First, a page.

If you're running an ecommerce Web site or collecting information about your visitors on any Web site, creating a simple, quick experience for visitors seriously helps your conversions. One easy way to streamline your Web site is to make sure you use radio buttons and checkboxes correctly.
When to Use Radio Buttons
Radio buttons are little circles that fill with a black dot when clicked. Radio buttons should only be used when there is a list of two or more options, and the selection of one option negates the other(s). Put simply, use radio buttons when you want users to select a single item from a list. Set one option as the default, and make sure that if another radio button is selected any previously selected button clears.
Because this is the standard use of radio buttons, users will expect this functionality. Additionally, Jakob Nielsen advises in a usability alert to use radio buttons instead of drop-down menus so that users can easily weigh all of the options without having to execute precise mouse movements.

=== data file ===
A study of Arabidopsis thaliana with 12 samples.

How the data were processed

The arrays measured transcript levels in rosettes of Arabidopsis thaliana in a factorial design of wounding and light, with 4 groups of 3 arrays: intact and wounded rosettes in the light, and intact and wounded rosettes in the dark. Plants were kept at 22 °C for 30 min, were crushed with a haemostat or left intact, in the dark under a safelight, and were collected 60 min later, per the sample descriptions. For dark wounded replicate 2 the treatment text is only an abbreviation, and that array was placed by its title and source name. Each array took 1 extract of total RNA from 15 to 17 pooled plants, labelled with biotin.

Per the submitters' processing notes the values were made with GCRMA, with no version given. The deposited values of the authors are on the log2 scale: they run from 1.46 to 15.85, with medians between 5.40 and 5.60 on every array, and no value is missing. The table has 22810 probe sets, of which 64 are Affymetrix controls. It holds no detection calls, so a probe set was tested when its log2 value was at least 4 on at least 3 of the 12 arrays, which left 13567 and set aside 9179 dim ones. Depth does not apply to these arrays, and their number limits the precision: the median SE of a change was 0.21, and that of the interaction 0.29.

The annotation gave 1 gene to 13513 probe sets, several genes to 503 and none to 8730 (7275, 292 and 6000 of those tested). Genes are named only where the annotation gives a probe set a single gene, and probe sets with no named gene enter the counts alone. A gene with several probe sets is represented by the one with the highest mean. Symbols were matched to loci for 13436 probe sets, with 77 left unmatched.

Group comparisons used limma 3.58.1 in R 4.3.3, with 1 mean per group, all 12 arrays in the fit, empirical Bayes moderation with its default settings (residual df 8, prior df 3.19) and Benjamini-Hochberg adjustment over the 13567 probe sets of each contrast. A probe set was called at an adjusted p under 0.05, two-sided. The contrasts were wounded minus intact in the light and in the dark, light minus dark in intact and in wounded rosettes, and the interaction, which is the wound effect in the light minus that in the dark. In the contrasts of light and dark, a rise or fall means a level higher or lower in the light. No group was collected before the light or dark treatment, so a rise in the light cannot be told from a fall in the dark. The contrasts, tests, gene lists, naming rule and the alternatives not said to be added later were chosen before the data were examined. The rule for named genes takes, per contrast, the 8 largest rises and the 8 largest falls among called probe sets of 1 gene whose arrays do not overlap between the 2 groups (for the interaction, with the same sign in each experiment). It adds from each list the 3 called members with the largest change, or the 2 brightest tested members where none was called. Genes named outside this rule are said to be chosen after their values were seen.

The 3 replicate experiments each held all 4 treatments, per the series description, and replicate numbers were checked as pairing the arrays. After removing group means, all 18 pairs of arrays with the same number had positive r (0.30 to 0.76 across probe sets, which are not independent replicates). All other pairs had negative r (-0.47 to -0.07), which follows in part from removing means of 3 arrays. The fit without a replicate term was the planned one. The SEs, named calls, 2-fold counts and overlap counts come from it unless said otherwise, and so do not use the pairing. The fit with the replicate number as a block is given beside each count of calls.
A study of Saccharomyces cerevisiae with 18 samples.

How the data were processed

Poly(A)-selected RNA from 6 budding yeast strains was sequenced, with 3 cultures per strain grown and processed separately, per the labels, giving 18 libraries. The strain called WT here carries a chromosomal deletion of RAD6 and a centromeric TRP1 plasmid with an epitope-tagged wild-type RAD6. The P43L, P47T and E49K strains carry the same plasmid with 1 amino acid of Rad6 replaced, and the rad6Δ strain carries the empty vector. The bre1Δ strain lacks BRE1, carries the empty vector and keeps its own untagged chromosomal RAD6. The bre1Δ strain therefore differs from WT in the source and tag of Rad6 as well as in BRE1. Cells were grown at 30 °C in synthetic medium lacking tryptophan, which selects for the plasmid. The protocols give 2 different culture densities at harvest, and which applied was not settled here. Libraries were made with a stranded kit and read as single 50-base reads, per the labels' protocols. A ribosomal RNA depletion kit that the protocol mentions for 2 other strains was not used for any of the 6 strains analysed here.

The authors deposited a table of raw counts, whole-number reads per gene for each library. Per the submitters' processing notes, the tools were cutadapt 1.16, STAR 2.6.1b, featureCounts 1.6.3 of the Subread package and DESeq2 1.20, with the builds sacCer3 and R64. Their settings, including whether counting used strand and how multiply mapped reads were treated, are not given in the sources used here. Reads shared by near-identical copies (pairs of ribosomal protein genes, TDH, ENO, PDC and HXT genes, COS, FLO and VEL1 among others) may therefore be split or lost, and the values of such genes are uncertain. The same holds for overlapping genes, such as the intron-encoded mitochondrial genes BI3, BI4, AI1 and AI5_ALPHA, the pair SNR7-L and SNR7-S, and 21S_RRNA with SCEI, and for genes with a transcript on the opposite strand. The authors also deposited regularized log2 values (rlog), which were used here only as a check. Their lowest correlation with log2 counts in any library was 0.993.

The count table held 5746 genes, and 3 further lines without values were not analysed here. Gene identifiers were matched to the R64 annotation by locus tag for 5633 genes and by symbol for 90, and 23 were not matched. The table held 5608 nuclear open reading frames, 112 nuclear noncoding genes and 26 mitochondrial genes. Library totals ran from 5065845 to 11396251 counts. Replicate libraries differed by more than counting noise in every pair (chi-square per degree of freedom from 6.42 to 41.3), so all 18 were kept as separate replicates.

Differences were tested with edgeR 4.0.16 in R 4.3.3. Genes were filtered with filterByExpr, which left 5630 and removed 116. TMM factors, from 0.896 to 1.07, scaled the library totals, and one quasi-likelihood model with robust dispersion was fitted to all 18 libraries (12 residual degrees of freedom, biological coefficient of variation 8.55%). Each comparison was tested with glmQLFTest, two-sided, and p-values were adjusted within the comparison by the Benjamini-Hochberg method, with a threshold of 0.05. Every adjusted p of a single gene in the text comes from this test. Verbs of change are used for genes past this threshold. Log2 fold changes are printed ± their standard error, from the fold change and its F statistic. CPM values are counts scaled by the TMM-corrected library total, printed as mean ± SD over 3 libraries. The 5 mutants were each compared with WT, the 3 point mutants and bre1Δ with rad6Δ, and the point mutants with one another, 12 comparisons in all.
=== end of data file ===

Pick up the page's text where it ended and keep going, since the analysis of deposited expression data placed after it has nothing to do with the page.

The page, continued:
When to Use Checkboxes
Checkboxes can be correctly used in two different ways:
- With lists of items where visitors may select zero, one or more items
- A single box with a standalone yes/no type question
Checkboxes are a good way to ask users whether they've read an agreement before converting or survey readers on specific actions they've taken, brands they've purchased, etc.
While the differences may seem insignificant at first, the correct usage of radio buttons and check boxes creates a better user experience because the site behaves in a way they expect. And, you can cut down the amount of instructions given--creating a cleaner, quicker way to convert.